Bourbon Red Turkeys
By The Historic Foodie | Aug 14, 2014
Early publications place the origins of the Bourbon Red turkey in Bourbon County, Kentucky, probably a cross between the wild turkeys found in mountainous areas of Kentucky and the white domestic. The American Standard of Perfection accepts their creation in Bourbon County from the wild yellow turkey. From Kentucky, the turkeys were distributed into Ohio and other locales. They were admitted to the American Standard in 1910 and were thought likely to supersede the Buff.
There are contradictory published accounts of the origins of this majestic bird. One school of thought places their creation in Pennsylvania where it descended from the Tuscarora red and Buffs. That account states that from Pennsylvania, the breed was taken to Kentucky where the color was enhanced.
Bourbon Reds were thought to be more disease-resistant than other breeds at a time when the bronze was dying from a disease called blackhead.
Advantages of the Reds include pin feathers that “did not show as plainly as darker colored birds, being nearly the color of the skin,” and that poults were larger when hatched and more free from disease. One breeder said the hens laid larger clutches of eggs, up to as many as 30, and they were great rangers, always returning at night. “They are well feathered, and endure the cold winters without shelter. They make fine market birds, having plump, yellow-skinned carcases ….” The breeder went on to say that if there was a plentiful supply of grasshoppers and other insects, berries, etc. the turkeys required no feeding at all.
Bourbon Reds were described in the Standard of Perfection as being “deep brownish-red” with the head being rich red changeable to bluish white.” The throat wattle is “rich red changeable to bluish white.” The wing bows are “deep brownish red; primaries and secondaries white.” The tail is white. Shanks and toes are reddish-pink. When the males drop their wings, the white feathers stand out against the deep cinnamon color giving them a remarkable appearance.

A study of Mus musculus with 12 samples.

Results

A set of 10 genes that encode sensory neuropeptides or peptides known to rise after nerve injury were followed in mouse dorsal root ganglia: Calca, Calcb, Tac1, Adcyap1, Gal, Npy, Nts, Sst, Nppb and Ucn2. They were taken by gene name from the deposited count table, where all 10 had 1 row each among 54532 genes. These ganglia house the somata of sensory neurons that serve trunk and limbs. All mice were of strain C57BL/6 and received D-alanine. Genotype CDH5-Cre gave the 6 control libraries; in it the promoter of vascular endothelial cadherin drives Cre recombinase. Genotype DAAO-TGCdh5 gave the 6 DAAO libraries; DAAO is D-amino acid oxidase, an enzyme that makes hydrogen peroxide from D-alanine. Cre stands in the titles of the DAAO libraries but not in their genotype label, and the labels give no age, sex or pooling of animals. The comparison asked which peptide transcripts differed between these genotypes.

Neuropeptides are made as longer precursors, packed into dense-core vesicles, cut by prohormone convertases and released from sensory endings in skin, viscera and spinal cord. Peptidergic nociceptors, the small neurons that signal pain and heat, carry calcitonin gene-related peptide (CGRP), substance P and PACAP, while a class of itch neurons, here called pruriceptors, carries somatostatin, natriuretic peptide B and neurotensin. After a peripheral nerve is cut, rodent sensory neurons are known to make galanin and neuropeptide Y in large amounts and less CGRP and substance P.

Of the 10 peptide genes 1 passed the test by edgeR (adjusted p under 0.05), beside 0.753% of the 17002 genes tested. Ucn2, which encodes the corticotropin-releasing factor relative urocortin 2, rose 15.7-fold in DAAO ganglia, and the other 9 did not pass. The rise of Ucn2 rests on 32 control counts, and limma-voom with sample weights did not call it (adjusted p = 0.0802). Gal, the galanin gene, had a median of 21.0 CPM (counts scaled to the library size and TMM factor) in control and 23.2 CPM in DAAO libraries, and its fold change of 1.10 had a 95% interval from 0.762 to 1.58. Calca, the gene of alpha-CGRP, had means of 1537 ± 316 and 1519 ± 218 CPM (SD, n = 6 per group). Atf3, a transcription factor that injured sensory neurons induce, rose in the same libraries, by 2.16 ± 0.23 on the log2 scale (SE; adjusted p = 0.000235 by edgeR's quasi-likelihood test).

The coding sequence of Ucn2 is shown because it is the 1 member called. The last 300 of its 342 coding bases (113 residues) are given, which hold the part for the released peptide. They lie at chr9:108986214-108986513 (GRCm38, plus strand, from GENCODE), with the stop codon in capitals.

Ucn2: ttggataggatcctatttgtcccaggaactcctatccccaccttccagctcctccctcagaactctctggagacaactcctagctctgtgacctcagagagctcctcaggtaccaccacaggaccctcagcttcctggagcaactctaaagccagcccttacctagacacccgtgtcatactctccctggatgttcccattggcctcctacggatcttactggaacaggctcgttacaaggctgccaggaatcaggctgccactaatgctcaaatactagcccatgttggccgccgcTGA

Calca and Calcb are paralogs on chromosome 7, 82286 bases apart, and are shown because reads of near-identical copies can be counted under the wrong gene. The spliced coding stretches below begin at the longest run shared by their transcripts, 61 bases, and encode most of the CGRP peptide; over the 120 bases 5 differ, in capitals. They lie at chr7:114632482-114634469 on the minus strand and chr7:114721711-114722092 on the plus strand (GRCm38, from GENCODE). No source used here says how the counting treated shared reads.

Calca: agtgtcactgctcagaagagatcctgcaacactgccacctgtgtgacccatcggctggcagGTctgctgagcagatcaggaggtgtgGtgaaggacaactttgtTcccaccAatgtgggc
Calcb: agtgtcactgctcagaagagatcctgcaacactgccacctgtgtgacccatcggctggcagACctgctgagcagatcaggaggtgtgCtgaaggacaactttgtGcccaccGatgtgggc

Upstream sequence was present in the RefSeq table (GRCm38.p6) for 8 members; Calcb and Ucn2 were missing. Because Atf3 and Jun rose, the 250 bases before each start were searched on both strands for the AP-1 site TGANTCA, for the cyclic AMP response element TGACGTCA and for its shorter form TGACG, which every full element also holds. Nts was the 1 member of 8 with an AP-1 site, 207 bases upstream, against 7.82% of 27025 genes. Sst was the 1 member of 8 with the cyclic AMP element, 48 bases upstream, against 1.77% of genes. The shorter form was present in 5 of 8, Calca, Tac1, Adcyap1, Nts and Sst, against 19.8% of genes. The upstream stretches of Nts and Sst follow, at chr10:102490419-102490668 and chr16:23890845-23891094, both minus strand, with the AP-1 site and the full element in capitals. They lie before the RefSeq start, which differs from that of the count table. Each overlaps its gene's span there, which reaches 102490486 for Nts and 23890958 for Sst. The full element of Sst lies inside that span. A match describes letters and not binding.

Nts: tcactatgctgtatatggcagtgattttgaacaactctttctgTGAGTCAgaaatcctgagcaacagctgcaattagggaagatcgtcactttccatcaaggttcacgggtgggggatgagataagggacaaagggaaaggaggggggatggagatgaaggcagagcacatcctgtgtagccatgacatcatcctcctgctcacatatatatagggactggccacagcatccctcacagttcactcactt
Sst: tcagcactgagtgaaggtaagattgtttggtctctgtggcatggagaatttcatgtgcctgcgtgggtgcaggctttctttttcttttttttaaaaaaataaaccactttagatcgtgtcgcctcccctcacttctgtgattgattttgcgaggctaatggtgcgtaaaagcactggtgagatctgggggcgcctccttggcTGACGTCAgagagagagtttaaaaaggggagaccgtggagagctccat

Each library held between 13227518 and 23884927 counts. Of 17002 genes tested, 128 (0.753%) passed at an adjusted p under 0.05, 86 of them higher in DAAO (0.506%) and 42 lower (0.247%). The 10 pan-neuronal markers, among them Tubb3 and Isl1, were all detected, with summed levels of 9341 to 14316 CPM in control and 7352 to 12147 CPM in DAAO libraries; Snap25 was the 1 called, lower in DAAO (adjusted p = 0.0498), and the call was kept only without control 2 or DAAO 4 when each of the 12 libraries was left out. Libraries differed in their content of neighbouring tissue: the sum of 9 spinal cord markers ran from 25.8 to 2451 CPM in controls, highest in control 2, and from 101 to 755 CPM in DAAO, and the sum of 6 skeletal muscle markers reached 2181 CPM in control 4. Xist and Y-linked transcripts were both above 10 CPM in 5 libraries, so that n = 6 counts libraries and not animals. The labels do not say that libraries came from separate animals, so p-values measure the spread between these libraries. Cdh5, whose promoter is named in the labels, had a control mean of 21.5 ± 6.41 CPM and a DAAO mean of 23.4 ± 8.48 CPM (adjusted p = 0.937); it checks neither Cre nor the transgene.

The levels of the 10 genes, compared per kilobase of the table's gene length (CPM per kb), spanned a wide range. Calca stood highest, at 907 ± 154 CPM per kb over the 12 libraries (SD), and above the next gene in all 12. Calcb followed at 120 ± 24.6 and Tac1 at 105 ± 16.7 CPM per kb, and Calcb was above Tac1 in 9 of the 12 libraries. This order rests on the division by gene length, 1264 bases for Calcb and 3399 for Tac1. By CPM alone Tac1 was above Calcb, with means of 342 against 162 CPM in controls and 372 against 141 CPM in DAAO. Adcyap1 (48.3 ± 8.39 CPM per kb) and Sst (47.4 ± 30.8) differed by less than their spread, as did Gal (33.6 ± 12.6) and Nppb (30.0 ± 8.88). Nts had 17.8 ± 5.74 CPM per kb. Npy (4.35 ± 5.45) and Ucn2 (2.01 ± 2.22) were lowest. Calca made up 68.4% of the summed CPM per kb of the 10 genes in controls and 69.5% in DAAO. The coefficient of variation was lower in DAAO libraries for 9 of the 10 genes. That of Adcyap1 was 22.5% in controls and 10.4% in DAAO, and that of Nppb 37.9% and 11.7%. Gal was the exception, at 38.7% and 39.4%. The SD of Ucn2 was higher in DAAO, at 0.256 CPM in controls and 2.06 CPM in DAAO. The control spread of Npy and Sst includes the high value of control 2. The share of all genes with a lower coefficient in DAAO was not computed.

As was noted in early sources, the reds don’t mature as fast as the assembly-line white broad-breasted, so if your only consideration is making a fast buck, then the breed probably isn’t for you.
If, however, you appreciate the beauty and the personal characteristics of heritage breeds, then you might look a little closer.
A true heritage breed is defined as one that reproduces naturally and grows slowly, feeding on its own in the outdoors. Mine meet those requirements although I do keep them in a movable enclosure to keep my girls from flying off to join their wild counterparts. Their pen can easily be moved as often as I choose so that they have access to tender, fresh, clean grass.
Toms top out at about 23 pounds, hens at around 12, down somewhat from 100 years ago when the toms often reached 30 pounds. Reds are on a “watch” list meaning that while they aren’t common enough to become lost in the shuffle, they aren’t critically endangered either, and I like being able to keep this fine old standard going.
“The Country Life.” Vol. 23. November 1912.
McGrew, Thomas Fletcher. The Book of Poultry 1921.
“The American Standard of Perfection.” 1910.